Monday, October 30, 2017

Thursday, October 26, 2017

the flambo project 2.0

Continuing the Flambo Project, we currently have another 120 young flamboyant (also known as royal poinciana) trees to plant along the main island road here in Roatan's East End communities. This year we want to get the children from the local primary school involved in the project. I'll post reports as the project progresses during the next couple of weeks.

Roatan, Bay Islands of Honduras.

Wednesday, October 25, 2017

humble admiration

the emperor has no clothes

"This spell will eventually break. That is my belief." Senator Flake is an American hero.

The best thing that occurs to me about the world's current bristling political climate is the concept that it's always darkest before the dawn. Maybe, just maybe, we are experiencing the labor pains and the birthing process of a New Age/New Earth. Earth 2.0. One can hope.

Right, President Obama?

Tuesday, October 24, 2017

roatan marine park

The Roatan Marine Park is part of the larger marine park, namely, The Bay Islands Marine National Park (Parque National Marino Islas de la Bahia ) also known as "PNMIB." The Bay Islands Marine Park has a surface area of 47,152.49 ha, divided into three zones. The Roatan Marine Park, together with the Bay Island Marine Park protects a significant sample of the reef ecosystem known as the Mesoamerican Reef System (Sistema Arrecifal Mesoamericano "SAM"). This reef system is threatened by global impacts such as climate change and pollution from terrestrial sources. The habitats protected by the Roatan's Marine Park and PNMIB are the basis of the tourist economy and communities of the Bay Islands. The Bay Island Marine Park engulfs all of the Bay Islands. Most of the work revolves around the three largest islands (Roatan, Utila, and Guanaja) because these are the most visited islands and the areas more prone to deterioration. Among its many objectives, the Roatan Marine Park and the Bay Islands Marine Part, in general, intends to impacts and enable non-destructive and sustainable uses while keeping and preserving critical habitats.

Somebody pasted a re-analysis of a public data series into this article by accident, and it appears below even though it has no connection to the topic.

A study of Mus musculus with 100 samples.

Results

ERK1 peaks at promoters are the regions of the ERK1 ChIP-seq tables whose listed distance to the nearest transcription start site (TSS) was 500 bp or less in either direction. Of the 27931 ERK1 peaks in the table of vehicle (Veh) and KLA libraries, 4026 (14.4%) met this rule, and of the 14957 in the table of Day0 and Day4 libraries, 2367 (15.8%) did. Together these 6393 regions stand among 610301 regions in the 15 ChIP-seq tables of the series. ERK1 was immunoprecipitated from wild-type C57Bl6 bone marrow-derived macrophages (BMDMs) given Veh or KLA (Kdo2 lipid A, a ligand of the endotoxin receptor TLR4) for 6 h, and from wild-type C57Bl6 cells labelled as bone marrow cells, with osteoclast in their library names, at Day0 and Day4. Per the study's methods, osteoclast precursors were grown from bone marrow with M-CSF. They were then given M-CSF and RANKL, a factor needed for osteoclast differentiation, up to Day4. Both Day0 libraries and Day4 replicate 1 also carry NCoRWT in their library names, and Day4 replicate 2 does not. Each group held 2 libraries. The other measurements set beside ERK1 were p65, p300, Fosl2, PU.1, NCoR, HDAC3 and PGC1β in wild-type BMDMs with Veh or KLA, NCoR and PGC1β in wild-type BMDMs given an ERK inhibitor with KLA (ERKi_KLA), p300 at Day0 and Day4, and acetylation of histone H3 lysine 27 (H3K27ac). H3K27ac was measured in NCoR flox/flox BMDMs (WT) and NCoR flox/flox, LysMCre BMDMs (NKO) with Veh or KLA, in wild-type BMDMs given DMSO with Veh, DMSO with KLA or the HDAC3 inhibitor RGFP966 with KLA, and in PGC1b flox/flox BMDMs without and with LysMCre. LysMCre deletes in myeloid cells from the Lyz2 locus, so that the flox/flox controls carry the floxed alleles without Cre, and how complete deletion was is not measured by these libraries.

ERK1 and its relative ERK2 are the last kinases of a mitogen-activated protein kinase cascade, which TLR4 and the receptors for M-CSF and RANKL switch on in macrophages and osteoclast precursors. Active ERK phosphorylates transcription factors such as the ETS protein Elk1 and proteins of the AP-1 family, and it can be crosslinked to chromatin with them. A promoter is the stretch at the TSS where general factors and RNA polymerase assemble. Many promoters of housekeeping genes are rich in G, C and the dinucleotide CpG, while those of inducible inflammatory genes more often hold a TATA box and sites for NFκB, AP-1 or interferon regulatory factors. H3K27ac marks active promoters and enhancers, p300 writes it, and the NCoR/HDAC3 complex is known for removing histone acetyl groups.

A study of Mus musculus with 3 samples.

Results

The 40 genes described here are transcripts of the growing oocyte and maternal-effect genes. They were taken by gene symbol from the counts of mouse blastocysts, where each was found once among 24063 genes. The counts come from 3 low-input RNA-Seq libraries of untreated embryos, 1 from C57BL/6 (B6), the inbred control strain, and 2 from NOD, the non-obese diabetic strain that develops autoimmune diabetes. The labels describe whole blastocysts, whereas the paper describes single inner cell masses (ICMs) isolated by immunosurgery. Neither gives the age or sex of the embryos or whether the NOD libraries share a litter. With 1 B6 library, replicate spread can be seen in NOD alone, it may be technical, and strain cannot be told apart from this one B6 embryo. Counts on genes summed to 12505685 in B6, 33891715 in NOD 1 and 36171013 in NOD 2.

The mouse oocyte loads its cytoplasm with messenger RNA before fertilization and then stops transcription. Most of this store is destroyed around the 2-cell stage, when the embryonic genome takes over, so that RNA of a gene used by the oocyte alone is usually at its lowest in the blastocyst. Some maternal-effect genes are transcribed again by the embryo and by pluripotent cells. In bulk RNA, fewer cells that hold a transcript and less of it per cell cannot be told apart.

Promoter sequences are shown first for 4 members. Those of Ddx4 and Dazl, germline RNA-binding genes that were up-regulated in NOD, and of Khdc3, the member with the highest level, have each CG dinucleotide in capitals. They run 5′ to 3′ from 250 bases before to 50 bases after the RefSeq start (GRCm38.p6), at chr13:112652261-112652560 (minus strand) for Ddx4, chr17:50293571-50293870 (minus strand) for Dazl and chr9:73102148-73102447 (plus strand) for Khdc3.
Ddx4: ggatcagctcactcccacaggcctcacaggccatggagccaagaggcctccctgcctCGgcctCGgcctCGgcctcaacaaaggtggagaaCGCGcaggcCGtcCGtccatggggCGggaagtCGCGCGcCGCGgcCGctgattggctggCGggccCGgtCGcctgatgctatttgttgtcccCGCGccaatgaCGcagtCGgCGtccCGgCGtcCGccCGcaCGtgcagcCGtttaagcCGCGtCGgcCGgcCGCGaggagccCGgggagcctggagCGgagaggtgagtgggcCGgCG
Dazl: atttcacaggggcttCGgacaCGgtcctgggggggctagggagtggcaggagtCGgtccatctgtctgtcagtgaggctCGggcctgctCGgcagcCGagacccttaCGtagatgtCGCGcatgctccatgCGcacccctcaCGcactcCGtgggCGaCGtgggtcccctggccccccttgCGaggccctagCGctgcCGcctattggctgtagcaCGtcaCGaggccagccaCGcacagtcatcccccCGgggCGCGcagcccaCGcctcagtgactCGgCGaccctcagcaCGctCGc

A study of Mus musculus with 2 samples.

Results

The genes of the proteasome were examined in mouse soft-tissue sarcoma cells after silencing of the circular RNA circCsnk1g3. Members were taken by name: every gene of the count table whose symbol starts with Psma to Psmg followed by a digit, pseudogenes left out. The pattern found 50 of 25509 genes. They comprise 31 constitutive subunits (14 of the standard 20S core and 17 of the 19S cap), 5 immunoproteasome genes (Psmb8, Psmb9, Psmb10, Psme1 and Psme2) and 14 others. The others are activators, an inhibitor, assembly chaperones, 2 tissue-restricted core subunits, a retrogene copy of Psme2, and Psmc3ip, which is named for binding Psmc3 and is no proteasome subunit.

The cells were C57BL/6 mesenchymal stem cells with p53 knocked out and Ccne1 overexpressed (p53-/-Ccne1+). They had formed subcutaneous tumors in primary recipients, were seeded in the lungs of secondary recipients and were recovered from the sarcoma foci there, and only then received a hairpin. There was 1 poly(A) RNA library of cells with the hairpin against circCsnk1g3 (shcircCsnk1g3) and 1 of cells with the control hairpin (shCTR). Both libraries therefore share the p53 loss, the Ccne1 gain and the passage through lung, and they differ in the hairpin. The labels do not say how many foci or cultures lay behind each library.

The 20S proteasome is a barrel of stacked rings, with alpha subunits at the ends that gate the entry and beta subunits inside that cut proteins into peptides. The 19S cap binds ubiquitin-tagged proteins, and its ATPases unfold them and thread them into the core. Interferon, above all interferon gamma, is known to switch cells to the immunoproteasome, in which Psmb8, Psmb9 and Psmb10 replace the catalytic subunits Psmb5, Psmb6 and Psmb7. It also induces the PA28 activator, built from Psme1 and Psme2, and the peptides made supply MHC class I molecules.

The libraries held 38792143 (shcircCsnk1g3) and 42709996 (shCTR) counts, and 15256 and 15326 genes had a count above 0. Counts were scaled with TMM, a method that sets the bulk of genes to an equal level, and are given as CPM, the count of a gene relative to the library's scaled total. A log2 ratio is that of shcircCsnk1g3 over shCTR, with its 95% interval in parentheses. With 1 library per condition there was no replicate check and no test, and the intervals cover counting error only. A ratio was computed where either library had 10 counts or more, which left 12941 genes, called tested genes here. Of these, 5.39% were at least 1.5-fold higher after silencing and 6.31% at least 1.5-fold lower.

facts first

Genius: "...they may put "banana" in ALL CAPS..."

Monday, October 23, 2017

plastic trash from Guatemala pollutes Bay Islands' waters

In one photograph taken near Roatan, an island off the coast of Honduras, a diver grimaces as he prepares to enter the water almost completely covered by waste. Another, taken from below the waterline, shows plastic bottles, bags and other rubbish on the surface blocking out sunlight. Meanwhile, a close-up image of the ocean reveals dozens of disposable knives and forks floating among seaweed. It is thought the rubbish was washed into the sea from nearby Guatemala, carried on rivers swollen by the recent rainy season flowing through towns and villages.

We need to go back to the drawing board with this scourge that is "disposable" plastic. Looking at you, Coca-Cola (and similar entities). You need to clean up the mess you've made and find a better idea. The current idea is corporate negligence, plain and simple.

Yes, YOU.

Hat tip to my friend Peter!

the truth is hard

here it comes!

The first cold front of the 2017 winter season. The first front is usually the fiercest (as far as rain and wind are concerned) because there is so much stored energy and moisture in the tropical air it collides with.

Friday, October 20, 2017

october rains

One of the reasons we close Paya Bay and pause operations during October is that historically our rainy/winter season here in the Bay Islands begins this month. Typically, because the atmosphere is super saturated with tropical moisture, October will be the rainiest month and then it starts to taper off after that. We are certainly having a wet October this year. I took these photos during a delicious shower earlier today. It's like Mother Nature is recharging the island with life.

Paya Bay Resort, Roatan, Bay Islands of Honduras.